The independent resource on global security

Introduction. Global security after 11 September 2001



I. Introduction

II. Global terrorism and global responsibility

III. The change of perception

IV. The new nature of the threat

V. New security building blocks

VI. SIPRI findings

VII. Concluding remarks


Read the full introduction [PDF].


The 11 September 2001 terrorist attacks on the USA marked a watershed in the international security process. The policies and mutual relations of the USA, Russia and many other states have changed. Combating terrorism has become a matter of the highest priority. However, the transatlantic community is confronted with a disagreement over the main aim: whether to focus on disrupting and defeating the al-Qaeda network or eliminating the roots of terrorism with a broader range of policies.


The International Security Assistance Force Operation was launched on a British initiative on the basis of a UN mandate. The operation was envisaged to last 6 months. Some 4700 military personnel from 17 European countries and New Zealand are taking part. The operation is under the command of the UK, which is to hand it over to Turkey in June 2002. At various stages of the operation, more than 30 states have made military contributions.


In spite of the many declarations and UN Security Council resolutions, expectations of a global response on the prevention of terrorism fell flat—both globally, in the United Nations, and regionally, in NATO. Although the issue concerns domestic and external security, the need for common responses in the security field has not been accepted globally. The interventions in Kosovo and Afghanistan reflect the new aspiration to establish international rules for protecting and defending respect for the basic principles and norms of international order. However, there is a lack of internationally recognized legal instruments to effectively tackle situations in which states have traditionally exercised their discretionary power and/or justified their actions as self-defence.


Four premises are of key importance in shaping a new global security system. The first is that the development and spread of the technologies of ‘the network age’, particularly information technology, are a part of the process of globalization. The second is that a growing number of states are too weak to control developments on their territory; consequently, they have become a base and an asylum for international crime and terrorist networks. The third is the blurring of the distinction between domestic and external security. The fourth is the growing importance of non-military aspects of state security.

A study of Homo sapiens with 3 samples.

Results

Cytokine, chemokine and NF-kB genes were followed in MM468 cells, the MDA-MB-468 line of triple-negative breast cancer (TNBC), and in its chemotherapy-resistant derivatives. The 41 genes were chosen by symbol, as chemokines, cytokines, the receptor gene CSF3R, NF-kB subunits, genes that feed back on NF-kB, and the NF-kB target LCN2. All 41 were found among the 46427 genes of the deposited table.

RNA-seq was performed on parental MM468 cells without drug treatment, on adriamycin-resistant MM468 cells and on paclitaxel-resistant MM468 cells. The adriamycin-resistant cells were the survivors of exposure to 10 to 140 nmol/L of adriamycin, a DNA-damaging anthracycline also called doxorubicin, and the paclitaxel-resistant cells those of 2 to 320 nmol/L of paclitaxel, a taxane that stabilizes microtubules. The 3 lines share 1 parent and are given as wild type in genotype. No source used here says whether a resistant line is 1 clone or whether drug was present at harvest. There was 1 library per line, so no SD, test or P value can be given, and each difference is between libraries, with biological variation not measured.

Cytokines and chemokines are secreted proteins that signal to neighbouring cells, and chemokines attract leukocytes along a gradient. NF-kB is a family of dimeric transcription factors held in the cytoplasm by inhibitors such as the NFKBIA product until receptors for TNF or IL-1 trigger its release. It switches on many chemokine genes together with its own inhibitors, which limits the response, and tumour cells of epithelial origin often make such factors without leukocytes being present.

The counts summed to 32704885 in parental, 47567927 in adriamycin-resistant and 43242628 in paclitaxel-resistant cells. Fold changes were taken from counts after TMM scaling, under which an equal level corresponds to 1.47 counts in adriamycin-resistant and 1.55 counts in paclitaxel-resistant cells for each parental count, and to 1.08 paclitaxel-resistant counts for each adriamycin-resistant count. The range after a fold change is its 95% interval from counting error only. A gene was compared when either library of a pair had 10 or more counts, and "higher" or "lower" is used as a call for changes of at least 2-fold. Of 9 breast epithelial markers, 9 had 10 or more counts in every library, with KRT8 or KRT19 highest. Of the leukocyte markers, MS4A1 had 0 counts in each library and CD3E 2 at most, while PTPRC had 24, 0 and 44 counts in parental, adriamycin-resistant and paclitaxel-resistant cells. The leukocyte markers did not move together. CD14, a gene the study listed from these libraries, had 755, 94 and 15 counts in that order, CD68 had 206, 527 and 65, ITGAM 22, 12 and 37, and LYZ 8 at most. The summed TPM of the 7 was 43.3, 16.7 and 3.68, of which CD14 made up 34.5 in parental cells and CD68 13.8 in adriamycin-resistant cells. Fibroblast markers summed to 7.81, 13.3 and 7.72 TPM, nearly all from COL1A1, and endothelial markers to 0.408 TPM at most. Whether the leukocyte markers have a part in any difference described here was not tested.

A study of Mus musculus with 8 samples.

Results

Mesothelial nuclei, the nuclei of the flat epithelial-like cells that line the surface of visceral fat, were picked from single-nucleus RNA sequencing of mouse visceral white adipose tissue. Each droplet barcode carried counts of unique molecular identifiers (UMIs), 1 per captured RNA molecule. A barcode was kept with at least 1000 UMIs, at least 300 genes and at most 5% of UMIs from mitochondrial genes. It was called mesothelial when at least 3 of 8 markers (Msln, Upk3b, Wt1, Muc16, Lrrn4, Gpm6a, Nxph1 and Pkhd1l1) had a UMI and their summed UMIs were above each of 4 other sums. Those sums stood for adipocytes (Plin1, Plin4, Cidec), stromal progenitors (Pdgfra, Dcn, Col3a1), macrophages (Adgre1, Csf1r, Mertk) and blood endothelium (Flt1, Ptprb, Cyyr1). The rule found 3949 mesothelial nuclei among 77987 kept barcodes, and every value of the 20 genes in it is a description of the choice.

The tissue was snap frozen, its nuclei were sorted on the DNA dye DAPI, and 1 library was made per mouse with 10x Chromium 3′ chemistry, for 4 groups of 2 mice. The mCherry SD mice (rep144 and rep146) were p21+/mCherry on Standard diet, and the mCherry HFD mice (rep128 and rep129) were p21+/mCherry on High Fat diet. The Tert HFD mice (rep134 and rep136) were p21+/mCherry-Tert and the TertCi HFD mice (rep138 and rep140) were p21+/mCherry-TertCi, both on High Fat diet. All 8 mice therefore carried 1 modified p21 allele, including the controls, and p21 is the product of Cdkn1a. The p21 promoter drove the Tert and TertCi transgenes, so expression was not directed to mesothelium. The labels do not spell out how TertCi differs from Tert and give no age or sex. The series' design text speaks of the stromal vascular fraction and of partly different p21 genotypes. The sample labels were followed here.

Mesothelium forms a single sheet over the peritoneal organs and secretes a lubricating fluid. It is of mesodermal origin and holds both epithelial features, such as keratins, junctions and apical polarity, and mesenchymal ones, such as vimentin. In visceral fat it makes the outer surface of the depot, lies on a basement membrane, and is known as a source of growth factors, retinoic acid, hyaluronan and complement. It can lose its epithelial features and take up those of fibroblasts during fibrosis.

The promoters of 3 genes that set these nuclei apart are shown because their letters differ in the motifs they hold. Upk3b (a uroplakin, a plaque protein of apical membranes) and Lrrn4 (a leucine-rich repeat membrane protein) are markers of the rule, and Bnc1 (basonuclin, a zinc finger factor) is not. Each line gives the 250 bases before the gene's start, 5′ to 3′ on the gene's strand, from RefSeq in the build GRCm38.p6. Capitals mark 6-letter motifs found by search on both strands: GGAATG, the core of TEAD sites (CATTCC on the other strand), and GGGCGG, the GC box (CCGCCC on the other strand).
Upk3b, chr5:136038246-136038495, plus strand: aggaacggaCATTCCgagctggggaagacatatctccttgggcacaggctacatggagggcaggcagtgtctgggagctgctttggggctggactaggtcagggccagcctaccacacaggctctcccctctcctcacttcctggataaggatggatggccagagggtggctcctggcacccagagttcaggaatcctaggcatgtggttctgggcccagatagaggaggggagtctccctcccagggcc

The phenomenon of failed states has various causal factors: the emergence of new states after the collapse of multinational federations; the exposure of poor states to globalization and modernization processes; and higher standards of governance called for by the international community. The stability and efficacy of the state and respect for the norms and rules of law are more important to the maintenance of international order than a state’s military potential.



Professor Adam Daniel Rotfeld (Poland) is Director of SIPRI and Leader of the SIPRI Project on Building a Cooperative Security System in and for Europe. He has participated in many multilateral negotiations and served as the Personal Representative of the Conference on Security and Co-operation in Europe (CSCE) Chairman-in-Office to examine the settlement of the conflict in the Trans-Dniester region (1992–93). In 2001 he was appointed by the President of Poland to Poland’s National Security Council and as the Deputy Minister for Foreign Affairs with responsibility for international security (2002– ). He is the author or editor of over 20 books and more than 300 articles on the legal and political aspects of relations between Germany and the Central and East European states after World War II (recognition of borders, the Munich Agreement and the right of self-determination), human rights, confidence- and security-building measures, European security and the CSCE/OSCE process. He has written chapters on global and regional security systems and European and transatlantic security structures for the SIPRI Yearbook since 1991.